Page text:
Here's one of the questions and his answer ...
Question 4: Is there an innovation/idea/movement/methodology that excites you in terms of the future of education?I'm all in favor of teaching critical thinking and learning how to learn.
Yes. A liberal arts education.
A liberal arts education is based on the idea that the most important part of an education is learning how to learn.
In our liberal arts schools we explicitly focus on developing skills in communication and collaboration. Integrity, self-reliance, and independence of thought are all essential elements to a liberal arts education. A comfort with risk taking, and the ability to make a positive impact on our community’s and the world.
These will be the skills that will be essential in the cognitive economy of the 21st century.
I see no evidence that liberal arts schools are doing a better job of this than other universities and there's certainly no evidence that you can learn these skills as a history major but not as a physics major. Same applies to communication, integrity, self-reliance, and independence of thought. It's silly to imply that these skills can only be developed in a liberal arts program. (C.P. Snow is still right after all these years.)
The "innovation" applies to all disciplines in a university. Every student should be taught how to learn whether they are in engineering, science, liberal arts, or (gasp!) business & commerce. The fact that it's considered to be an "innovation" is what disturbs me the most.
Here's the second question & answer that I want to address ...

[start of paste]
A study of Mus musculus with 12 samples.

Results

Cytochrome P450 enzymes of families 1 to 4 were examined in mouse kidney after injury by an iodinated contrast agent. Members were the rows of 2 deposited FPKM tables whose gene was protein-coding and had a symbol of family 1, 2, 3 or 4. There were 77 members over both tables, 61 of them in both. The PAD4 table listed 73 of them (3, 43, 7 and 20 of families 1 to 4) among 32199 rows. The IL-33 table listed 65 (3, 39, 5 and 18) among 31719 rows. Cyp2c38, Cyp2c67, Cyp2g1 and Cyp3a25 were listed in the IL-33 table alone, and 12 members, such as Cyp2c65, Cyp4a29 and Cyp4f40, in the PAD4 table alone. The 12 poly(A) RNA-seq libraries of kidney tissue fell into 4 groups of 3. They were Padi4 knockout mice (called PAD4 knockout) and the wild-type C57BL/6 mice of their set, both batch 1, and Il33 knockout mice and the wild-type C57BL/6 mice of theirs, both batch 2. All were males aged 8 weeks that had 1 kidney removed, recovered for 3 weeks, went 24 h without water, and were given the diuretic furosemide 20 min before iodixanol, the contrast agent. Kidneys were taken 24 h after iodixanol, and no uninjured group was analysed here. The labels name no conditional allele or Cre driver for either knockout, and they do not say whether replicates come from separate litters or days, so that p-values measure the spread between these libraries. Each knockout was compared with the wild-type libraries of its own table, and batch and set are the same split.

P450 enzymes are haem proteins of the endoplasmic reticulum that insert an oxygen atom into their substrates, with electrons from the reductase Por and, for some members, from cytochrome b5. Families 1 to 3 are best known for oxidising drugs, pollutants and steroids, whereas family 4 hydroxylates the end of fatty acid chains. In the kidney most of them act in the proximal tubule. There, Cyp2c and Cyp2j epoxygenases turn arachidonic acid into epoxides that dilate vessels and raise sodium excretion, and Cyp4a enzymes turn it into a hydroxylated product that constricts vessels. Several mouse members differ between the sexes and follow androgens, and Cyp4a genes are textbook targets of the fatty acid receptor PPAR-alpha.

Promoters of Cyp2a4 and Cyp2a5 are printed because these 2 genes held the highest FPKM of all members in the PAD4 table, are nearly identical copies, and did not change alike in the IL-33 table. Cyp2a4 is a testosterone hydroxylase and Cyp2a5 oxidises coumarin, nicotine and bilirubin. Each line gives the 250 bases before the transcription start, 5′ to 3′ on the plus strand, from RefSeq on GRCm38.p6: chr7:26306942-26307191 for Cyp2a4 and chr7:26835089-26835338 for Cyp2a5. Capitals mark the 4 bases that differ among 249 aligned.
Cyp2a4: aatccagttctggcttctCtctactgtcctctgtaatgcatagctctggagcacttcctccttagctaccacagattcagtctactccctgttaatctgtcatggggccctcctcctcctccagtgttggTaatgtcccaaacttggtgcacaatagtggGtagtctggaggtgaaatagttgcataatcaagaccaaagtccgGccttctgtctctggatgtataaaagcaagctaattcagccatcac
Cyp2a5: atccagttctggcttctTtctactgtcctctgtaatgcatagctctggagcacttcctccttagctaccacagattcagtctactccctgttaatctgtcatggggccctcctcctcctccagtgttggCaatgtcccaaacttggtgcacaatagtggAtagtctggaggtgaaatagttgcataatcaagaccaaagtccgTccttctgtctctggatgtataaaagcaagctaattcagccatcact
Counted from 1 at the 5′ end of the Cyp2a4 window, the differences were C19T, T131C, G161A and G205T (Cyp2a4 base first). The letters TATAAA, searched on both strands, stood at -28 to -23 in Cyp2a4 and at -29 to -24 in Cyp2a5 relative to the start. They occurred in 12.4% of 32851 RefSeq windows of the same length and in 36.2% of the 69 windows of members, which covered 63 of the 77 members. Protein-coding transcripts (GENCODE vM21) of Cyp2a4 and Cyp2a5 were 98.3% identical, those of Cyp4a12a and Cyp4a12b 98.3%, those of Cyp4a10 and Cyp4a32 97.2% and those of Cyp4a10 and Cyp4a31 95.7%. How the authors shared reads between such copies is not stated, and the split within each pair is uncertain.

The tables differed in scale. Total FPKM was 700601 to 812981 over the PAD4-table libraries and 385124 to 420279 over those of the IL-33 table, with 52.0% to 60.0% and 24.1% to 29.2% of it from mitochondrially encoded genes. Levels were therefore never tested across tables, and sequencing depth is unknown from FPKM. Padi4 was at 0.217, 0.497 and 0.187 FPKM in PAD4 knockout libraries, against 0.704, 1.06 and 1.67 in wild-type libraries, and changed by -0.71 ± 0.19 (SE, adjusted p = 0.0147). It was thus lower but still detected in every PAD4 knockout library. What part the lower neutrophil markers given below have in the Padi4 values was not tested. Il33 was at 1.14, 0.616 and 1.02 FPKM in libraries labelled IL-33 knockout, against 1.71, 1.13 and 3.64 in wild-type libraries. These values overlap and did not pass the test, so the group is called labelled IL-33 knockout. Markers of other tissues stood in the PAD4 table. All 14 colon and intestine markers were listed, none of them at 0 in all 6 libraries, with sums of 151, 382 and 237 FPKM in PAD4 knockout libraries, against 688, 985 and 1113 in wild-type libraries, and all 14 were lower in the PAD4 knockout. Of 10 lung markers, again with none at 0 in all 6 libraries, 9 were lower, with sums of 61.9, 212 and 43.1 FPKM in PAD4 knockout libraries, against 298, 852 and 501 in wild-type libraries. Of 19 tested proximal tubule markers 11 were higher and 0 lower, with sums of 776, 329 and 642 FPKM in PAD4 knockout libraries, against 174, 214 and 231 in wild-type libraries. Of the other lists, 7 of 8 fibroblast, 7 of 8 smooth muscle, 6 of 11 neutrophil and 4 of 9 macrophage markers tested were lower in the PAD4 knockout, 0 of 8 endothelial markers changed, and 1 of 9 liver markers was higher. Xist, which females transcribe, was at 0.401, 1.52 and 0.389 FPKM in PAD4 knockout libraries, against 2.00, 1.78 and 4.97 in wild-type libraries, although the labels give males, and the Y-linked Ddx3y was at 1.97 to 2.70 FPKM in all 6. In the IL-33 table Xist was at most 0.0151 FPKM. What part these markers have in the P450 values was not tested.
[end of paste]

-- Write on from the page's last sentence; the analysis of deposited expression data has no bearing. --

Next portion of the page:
Question 5: The world is changing fast with new careers being created every day. Most students will change jobs multiple times throughout their careers. What advice do you have for the current and next generation ? what should students do to remain competitive in an increasingly complex global economy?There's nothing at all wrong with a liberal arts education as long as it includes a lot of science. Ivy League schools—like Dartmouth where Josh Kim teaches—cannot continue to graduate students who don't understand basic concepts about the natural world.
Same answer as the previous question. Get a liberal arts education.
I worry that both the market and our culture is pushing students away from a liberal arts education.
There is too much of a focus on the income of a first job, and not enough focus on lifetime economic and social outcomes.
When we take a long view, liberal arts graduates excel at every measure of economic and personal success.
I also worry that a quality liberal arts degree is increasingly out of reach for all but the most talented and privileged in our society.
We need to do whatever we can to increase access to a liberal arts education.
Students who learn how to learn and learn how to think critically will be well-prepared to enter the real world after graduation. However, in today's society it's not enough to be able to discourse on the difference between Charlotte and Emily Bronte or whether barbarians caused the fall of the Roman Empire.
That may have worked in the past but at today's social gatherings you better know something about vaccines, evolution, climate change, algorithms, genetically modified foods, solar energy, eclipses, plate tectonics, and the Higgs boson or you are going to look like a fool.1 If you're visiting a psychic or a homeopath then your liberal education was worthless.
The implication that only a liberal education, not a science-based education, will properly prepare you for the workplace is absurd. In an ideal world, all types of university education will do the job as long as the program doesn't ignore the fundamentals of science and scientific thinking.
Are you curious about what a liberal arts education really means? Watch this discussion about "The Liberal Arts at Dartmouth: What Lies Ahead?" You can hear five professors and one dean at Dartmouth talk about why the liberal arts is so important but at the end you probably still won't have any idea what they're talking about. That's what a liberal arts education does for you! It teaches you how to obfuscate and sound intelligent. Above all, it teaches you the importance of anecdotes as a substitute for facts and data.
1. Perhaps this is wishful thinking. For my generation, it's still acceptable to proclaim loudly that you know nothing at all about science and math—dropped them in high school—and still be respected.